Thursday, October 23, 2008


I've always found the song "Scarborough Fair" haunting and, frankly, off-putting. Author Nancy Werlin obviously felt a bit the same way, as she has taken the eerie and tragic sounding folk song, using it as a major point of the plot in her newest novel, Impossible.

In Impossible, a version of the song stands as the only "possession" passed down, word-of-mouth, from one generation of Scarborough women to the next. Seventeen-year-old Lucy Scarborough is the latest recipient of the song and the curse it represents to her family line. Long, long ago a Scarborough ancestor crossed the Elven Knight. Refusing to be his true love, Fenetta Scarborough doomed her descendants to a horrible fate: each Scarborough woman will become pregnant at age eighteen. She has until the birth of the child (always a daughter) to perform the three impossible tasks listed in the song. If she fails, she goes insane directly after giving birth. No Scarborough woman has been able to achieve the tasks and break the curse. The women go mad, their daughters go into the care of foster parents, and at the cusp of womanhood, the daughter repeats the cycle. Lucy Scarborough knows nothing of this curse when she goes off to her prom at the end of her junior year of high school. She has kind foster parents who love her, but her life is haunted by her insane mother, Miranda, who shows up at odd moments, always signing "Scarborough Fair." Tales of Elven Knights and curses have no place in Lucy's life. But soon enough, rational, level-headed Lucy becomes all too aware of the reality of the curse. She is repeating the same cycle, and time is dwindling for her to perform three impossible tasks, saving herself and her unborn daughter, as well as salvaging her first serious relationship with the boy next door.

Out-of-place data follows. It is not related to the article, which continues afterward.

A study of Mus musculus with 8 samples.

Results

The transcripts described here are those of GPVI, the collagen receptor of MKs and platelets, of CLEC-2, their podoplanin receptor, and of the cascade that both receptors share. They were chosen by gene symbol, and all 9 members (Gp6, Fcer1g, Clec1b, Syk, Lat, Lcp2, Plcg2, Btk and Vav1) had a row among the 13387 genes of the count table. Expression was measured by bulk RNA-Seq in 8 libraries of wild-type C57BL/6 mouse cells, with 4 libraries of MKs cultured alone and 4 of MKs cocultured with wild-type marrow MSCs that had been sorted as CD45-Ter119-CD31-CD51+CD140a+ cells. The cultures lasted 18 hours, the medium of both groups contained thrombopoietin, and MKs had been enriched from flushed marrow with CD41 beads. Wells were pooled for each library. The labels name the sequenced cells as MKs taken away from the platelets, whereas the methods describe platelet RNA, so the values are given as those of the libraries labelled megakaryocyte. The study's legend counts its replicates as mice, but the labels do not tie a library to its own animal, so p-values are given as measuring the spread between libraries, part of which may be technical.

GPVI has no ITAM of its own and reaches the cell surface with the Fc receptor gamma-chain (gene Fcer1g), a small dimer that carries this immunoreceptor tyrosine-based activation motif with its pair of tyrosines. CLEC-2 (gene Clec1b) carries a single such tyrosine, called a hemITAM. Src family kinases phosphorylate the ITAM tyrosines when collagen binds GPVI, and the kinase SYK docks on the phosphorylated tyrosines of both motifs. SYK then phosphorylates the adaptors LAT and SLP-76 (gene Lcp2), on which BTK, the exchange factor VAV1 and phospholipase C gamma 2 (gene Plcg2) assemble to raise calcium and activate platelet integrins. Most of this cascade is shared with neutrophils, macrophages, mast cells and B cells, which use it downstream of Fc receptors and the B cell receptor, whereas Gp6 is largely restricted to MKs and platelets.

According to the cover, this book was a National Book Award finalist. I enjoyed it and read it in just a few days. It's an unusual YA book in the sense that Lucy Scarborough never struck me as a typical teenager. She speaks in a manner much older than her years, and the way she sets about solving her problems is fairly mature. But Werlin presents her as an older-than-her-years teen, so that makes sense within the frame of the book. I was a little disappointed that the riddle of the song turned out to be very literal in interpretation. I was hoping for Lucy to have to unwind a clever metaphor, but it turned out that the tasks assigned to her were indeed supposed to be performed as listed in the song. I liked Lucy's relationship to her foster parents and her romance with next-door-neighbor/best friend/love of her life. In fact, Lucy doesn't have a bad relationship with anyone in the book. Well, except for the Elven King, that is. In this sense, I would have liked a little more conflict, but the major conflict--can Lucy break a age-old curse?--is pretty intriguing.

Does Lucy go nuts? Can a girl beat the Elven King at his game? Will I ever feel less freaked out by the song "Scarborough Fair?" Read Impossible to get the answers. (Except for that last one. The answer to that is: no.)